Thursday, July 5, 2012

The Skookum Dolls Of Mary McAboy

These dolls were manufactured from 1914 to 1962 and were designed by Mary McAboy of Montana.  These dolls were modeled after the Chinook Indians’ dolls.  Skookum means excellent and it is derived from the Chinook or Siwash language.  The original Skookum dolls were made of dried up apple heads and were on stick figures.  These were used by a medicine man during a healing ritual.  This is where Mary took the inspiration for these dolls and created her dolls with Native American features.  She then received a patent for the name Skookum in 1919.  Later on the doll heads were replaced with composition or plastic ones in the 1940’s.  The hair for the dolls was made of horsehair.
The dolls’ costumes depict the native outfit of the Indian tribes.  They come in its customary Indian blankets worn above pants and skirts.  The earliest batch of dolls wore leather moccasins which were later replaced with felt or strong paper material.  The Skookum dolls measured 2 inches to as tall as 36 inches.  Established in the 1920, the Arrow Novelty Co. of New York was popularly known for its production of these Skookum Indian tourist dolls.   A mark that signifies that the dolls were made by Arrow Novelty is an oval paper tag with the markings: “Trademark Registered – Patented, Skookum (Bully Good) Indian U.S.A.  Aside from these Skookum dolls, Arrow Novelty was also known for its cloth, hard plastic, composition, and vinyl dolls.  They manufactured and distributed the Skookum in the east coast.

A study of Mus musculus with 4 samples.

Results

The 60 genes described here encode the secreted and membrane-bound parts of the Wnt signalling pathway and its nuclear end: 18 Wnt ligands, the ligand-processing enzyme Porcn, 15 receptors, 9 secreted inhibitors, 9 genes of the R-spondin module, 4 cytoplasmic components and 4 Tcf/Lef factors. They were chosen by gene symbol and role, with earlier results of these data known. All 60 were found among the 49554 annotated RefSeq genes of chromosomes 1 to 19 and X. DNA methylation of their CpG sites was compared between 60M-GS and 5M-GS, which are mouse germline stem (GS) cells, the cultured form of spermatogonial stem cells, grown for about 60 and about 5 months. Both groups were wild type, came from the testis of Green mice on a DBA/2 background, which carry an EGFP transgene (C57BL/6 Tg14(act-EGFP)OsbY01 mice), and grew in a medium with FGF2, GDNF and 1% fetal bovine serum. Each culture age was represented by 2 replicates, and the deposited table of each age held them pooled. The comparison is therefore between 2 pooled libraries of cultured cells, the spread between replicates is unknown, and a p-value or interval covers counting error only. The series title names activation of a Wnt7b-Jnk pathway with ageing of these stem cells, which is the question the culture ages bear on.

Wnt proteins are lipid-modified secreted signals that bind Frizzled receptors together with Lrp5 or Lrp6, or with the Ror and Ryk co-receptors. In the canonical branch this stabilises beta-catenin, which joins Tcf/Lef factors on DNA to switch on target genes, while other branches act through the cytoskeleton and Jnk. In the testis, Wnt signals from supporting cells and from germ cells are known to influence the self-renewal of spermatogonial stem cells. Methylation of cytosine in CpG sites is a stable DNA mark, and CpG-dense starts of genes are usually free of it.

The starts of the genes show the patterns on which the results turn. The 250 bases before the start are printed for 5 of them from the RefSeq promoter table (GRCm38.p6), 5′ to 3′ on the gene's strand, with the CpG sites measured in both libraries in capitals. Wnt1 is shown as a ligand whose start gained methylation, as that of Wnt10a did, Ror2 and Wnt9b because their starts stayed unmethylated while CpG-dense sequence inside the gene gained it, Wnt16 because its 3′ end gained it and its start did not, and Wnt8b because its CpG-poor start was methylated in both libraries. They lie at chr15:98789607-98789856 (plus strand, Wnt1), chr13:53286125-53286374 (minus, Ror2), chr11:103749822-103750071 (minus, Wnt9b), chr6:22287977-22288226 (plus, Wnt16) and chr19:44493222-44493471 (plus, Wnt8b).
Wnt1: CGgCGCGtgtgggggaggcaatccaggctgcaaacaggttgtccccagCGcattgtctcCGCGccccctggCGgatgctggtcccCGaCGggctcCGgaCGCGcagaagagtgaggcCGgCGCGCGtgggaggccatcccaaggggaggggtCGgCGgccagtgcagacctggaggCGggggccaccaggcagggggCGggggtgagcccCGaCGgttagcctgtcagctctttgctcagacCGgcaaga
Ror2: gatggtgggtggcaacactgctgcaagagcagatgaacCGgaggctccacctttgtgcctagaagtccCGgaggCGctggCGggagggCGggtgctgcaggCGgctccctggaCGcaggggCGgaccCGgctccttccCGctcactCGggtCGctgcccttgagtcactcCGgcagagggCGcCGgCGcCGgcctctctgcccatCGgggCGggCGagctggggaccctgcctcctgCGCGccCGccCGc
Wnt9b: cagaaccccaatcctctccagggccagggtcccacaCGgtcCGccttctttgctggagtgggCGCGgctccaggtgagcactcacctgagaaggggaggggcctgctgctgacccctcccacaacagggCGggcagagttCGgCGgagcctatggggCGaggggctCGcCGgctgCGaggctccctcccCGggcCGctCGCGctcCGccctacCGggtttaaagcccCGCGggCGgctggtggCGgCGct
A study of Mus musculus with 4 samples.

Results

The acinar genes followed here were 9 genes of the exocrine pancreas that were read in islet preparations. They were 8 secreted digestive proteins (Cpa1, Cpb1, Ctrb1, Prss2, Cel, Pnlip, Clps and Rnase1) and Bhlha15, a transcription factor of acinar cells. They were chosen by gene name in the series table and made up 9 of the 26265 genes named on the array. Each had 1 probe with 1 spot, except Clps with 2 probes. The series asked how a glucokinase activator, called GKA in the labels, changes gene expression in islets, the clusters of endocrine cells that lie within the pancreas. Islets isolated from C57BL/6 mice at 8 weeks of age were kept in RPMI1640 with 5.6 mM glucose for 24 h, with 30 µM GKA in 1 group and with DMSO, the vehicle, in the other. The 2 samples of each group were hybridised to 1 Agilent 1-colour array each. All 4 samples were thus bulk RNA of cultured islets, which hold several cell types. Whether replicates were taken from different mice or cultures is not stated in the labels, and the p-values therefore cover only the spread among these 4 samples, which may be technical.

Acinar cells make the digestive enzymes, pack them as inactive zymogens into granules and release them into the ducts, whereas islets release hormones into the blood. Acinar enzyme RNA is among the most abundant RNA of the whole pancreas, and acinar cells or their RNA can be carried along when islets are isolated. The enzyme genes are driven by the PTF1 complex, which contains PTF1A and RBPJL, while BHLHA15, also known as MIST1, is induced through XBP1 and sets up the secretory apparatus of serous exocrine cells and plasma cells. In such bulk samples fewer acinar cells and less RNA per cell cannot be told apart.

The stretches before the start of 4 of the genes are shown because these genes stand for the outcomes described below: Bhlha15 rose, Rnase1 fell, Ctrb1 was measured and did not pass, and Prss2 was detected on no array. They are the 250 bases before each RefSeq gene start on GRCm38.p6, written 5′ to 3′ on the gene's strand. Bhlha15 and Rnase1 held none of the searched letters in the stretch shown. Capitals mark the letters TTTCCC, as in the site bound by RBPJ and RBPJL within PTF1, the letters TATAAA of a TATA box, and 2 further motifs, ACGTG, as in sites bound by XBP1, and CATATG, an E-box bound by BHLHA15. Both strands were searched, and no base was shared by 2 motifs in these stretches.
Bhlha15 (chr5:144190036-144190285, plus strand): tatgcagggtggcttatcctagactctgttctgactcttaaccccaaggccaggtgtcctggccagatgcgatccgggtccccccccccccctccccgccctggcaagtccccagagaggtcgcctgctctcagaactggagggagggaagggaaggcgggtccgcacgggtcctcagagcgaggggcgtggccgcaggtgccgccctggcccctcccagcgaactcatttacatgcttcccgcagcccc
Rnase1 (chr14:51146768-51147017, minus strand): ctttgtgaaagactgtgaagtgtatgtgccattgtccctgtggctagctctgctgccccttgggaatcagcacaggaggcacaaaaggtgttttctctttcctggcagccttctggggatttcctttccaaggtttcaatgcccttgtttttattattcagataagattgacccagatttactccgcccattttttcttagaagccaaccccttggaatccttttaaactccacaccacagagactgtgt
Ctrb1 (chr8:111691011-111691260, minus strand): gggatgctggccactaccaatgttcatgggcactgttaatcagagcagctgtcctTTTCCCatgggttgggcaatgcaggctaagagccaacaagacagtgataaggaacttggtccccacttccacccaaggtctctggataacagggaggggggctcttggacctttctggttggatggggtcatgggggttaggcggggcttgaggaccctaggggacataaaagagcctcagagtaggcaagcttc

But it was also said that starting around May of 1916, the Skookum dolls were manufactured by George Borgfeldt and Co.   However, the Borgfeldt Co. was a huge importer of toys and dolls and basically they could just be distributing these dolls.  Nonetheless, they had a glass Skookum candy container as a novelty item.  There were also reports that these dolls were originally manufactured and distributed by Louis Amberg and also that the dolls were given as a premium gift item by the apple growers of Skookum Packers Association in the Washington State.  

However, these entities were just mentioned in some doll collection articles due to its use of the Skookum word but they were not directly associated to the manufacture of these dolls at all.  Yet, the H.H. (Harry Heye) Tammen Company or also known as the H.H. Tammen Curio Co. of Colorado manufactured Skookum dolls for the west coast under their own label.  Today, a vintage Skookum family group of dolls can fetch around $ 6,000.  The individual dolls can also be found priced from $500 to $1,000.